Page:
Clear communication has been essential lately as I’ve helped coordinate a big community event. After getting several notes thanking me for my clear and concise information, I concluded that this must be a skill set that needs more use. Here’s why.
Through our non-profit, Lee and I were asked to set up music for “On Common Ground”, a community forum and conversation on immigration with, JOSE ANTONIO VARGAS, Pulitzer Prize-winning journalist, Emmy-nominated filmmaker, and a leading voice for the human rights of immigrants. The local musicians, all immigrants to Lexington, are an example of the point that’s being made – that people from other cultures play an important role in creating a rich and lively community.
Finding the diversity of musicians we wanted from Asia, the Middle East, Mexico, South America and Africa was harder than we thought and the communication barriers a little tricky. We used every method of communication – phone, text, Facebook, Messenger, email and face to face. There’s been many details to manage as this event involves 1,200 people, security, 2 theaters and 9 acts.
We did it. By the time you read this it will be happening! Here’s why I think clear communication is important – why it is the most important skill I have in my personal and professional life.
People Need More, Not Less, Direct and Personal Information
If you’re like me, when you want to know something, you get on your phone or computer and look it up. Once you have it, you move on. But that leaves a lot out. The nuances, details and subtleties of direct communication are lost. We love the freedom, but lose something important.
That’s why it hit me that we need new skills – new ways of condensing lots of information into clear and concise digestible bites. It requires good formatting, bold text and often bullets. It needs to be personal, so people get its relevance to them and most of all, it needs all the information conveyed in detail so there’s no guess work.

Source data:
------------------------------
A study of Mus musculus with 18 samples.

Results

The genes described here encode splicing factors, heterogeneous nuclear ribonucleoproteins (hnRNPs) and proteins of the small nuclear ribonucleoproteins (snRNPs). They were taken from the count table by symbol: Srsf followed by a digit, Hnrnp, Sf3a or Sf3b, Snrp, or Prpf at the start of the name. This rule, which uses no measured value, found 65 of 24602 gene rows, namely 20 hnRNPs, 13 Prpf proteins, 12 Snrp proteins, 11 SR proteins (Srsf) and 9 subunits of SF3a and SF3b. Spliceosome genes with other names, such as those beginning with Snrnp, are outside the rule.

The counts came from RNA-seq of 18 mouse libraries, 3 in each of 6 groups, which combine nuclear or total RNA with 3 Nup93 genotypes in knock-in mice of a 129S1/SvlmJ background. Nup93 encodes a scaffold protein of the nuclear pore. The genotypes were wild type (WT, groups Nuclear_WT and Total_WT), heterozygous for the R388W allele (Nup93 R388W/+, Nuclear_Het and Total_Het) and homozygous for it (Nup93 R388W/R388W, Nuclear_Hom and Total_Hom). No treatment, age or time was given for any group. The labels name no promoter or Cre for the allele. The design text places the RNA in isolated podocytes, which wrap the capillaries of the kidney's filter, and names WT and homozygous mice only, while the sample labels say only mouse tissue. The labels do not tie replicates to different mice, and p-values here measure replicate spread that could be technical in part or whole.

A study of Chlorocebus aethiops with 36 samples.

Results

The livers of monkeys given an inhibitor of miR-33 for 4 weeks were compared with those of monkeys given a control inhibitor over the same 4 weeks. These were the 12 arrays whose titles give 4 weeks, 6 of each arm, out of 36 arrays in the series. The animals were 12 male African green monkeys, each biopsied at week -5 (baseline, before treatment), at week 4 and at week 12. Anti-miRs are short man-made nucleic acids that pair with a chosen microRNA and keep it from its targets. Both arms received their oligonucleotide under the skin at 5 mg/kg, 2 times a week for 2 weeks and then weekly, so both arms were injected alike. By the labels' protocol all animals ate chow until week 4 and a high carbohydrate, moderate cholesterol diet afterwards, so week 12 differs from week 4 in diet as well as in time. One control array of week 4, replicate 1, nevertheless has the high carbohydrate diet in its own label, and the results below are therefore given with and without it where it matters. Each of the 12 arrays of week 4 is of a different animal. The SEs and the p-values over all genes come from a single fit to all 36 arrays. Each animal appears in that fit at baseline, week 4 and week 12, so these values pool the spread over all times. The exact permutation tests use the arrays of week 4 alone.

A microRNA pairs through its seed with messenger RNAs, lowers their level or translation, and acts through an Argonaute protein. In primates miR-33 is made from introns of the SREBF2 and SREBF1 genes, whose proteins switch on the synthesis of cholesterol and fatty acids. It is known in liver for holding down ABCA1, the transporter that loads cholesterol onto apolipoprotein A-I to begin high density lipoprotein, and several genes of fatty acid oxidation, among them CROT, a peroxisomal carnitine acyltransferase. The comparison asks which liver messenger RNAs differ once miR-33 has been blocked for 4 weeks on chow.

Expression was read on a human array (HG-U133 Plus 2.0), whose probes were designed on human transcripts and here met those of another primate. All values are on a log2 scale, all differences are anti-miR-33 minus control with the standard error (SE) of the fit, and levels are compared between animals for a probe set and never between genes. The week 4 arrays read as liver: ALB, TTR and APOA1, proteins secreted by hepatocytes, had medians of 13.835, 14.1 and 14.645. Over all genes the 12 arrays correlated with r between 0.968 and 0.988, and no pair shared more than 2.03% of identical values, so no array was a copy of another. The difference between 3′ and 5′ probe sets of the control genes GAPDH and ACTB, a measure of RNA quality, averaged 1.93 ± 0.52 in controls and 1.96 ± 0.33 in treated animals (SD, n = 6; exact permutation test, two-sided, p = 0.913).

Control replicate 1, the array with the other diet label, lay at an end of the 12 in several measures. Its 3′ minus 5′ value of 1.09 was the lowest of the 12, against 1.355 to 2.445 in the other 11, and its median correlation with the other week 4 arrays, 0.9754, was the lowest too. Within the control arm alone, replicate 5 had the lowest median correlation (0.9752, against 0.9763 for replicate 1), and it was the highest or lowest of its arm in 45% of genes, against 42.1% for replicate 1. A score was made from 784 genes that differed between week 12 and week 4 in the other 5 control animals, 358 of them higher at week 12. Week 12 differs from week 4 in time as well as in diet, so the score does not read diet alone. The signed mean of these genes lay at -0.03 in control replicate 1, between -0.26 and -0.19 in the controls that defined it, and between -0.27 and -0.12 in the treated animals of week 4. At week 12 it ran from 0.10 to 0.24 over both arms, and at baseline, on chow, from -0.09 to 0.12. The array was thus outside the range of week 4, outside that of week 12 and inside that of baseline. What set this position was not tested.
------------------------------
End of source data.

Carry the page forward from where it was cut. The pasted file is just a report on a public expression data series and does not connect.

To convey information properly we need more, not less. information presented in a concise and personal way so it can be understood.
Details Help Dispel Misunderstanding, Assumptions and Myths
Digital communication can make things appear very black and white. It leaves little room for negotiation or explanation. People are left with impressions that can be misleading or inaccurate. We tend to give up on things that are important because of the lack of information or simply accept the first answer.
When Lee did a first round of inquiries with musicians and got no, I followed up. People needed detailed explanations, background information and most of all personal conversations to engage. They needed to be convinced to understand the importance of this event and the benefit of being involved. Taking no for an answer wasn’t an option.
To convey something you’re passionate about requires explanation and details – talk directly and don’t be afraid to fight to be heard.
Ask Questions – Be Clear With Answers – Be Persuasive
In my coaching/therapy practice asking the right questions is the only way you get to the heart of the matter. This is followed with clear and concise information, including why what you’re talking about is important. Persuasion becomes an essential skill to make your communication convincing.
After several of these conversations, I realized that not only is this a skill set, it requires determination to use it to make things happen. These are skills I’ve developed over many decades. I took them for granted until I had to pull them out in force for this event.
Good questions, clear answers and persuasion is an art form that takes practice. And it’s better done directly than electronically.
Be Personal – Have Good Manners – Be Direct
We live in the South. There is an expectation that things go in a certain order if you want to be heard and get things done. You make your conversation personal; you have small talk, you say something nice, all before you ask for what you want. That’s considered good manners. Lee, who’s lived in the Northeast, has experienced the difference.
Every region has its idiosyncrasies, but there are universal standards. This includes having good manners, with please and thank you, giving compliments when deserved and following standard salutations and closings in letters as part of good communication.
Notice how the little things, like being nice,and using formal letter structure can go a long way to influence good communication.
Organizing the music for this event required that I pull out all the stops in my communication skills. It meant conveying a lot of information to get people involved, confirmed and understanding the expectations. It required detailed and frequent explanations so there wouldn’t be misunderstandings. It meant asking and answering questions, being persuasive and using all the protocols of good manners to make sure the information would be well received. Whew – now I’m ready to enjoy it!
How does this sound to you? Do you enjoy using good communication skills to get things done or is this something you would like to work on? Clear and concise communication is a skill set that requires self-confidence. To improve yours, see www.spectrumtransformation.com and reach out using my Free Consultation link. I’d love to help you develop this skill.
Event graphic by designer Shaan Azeem.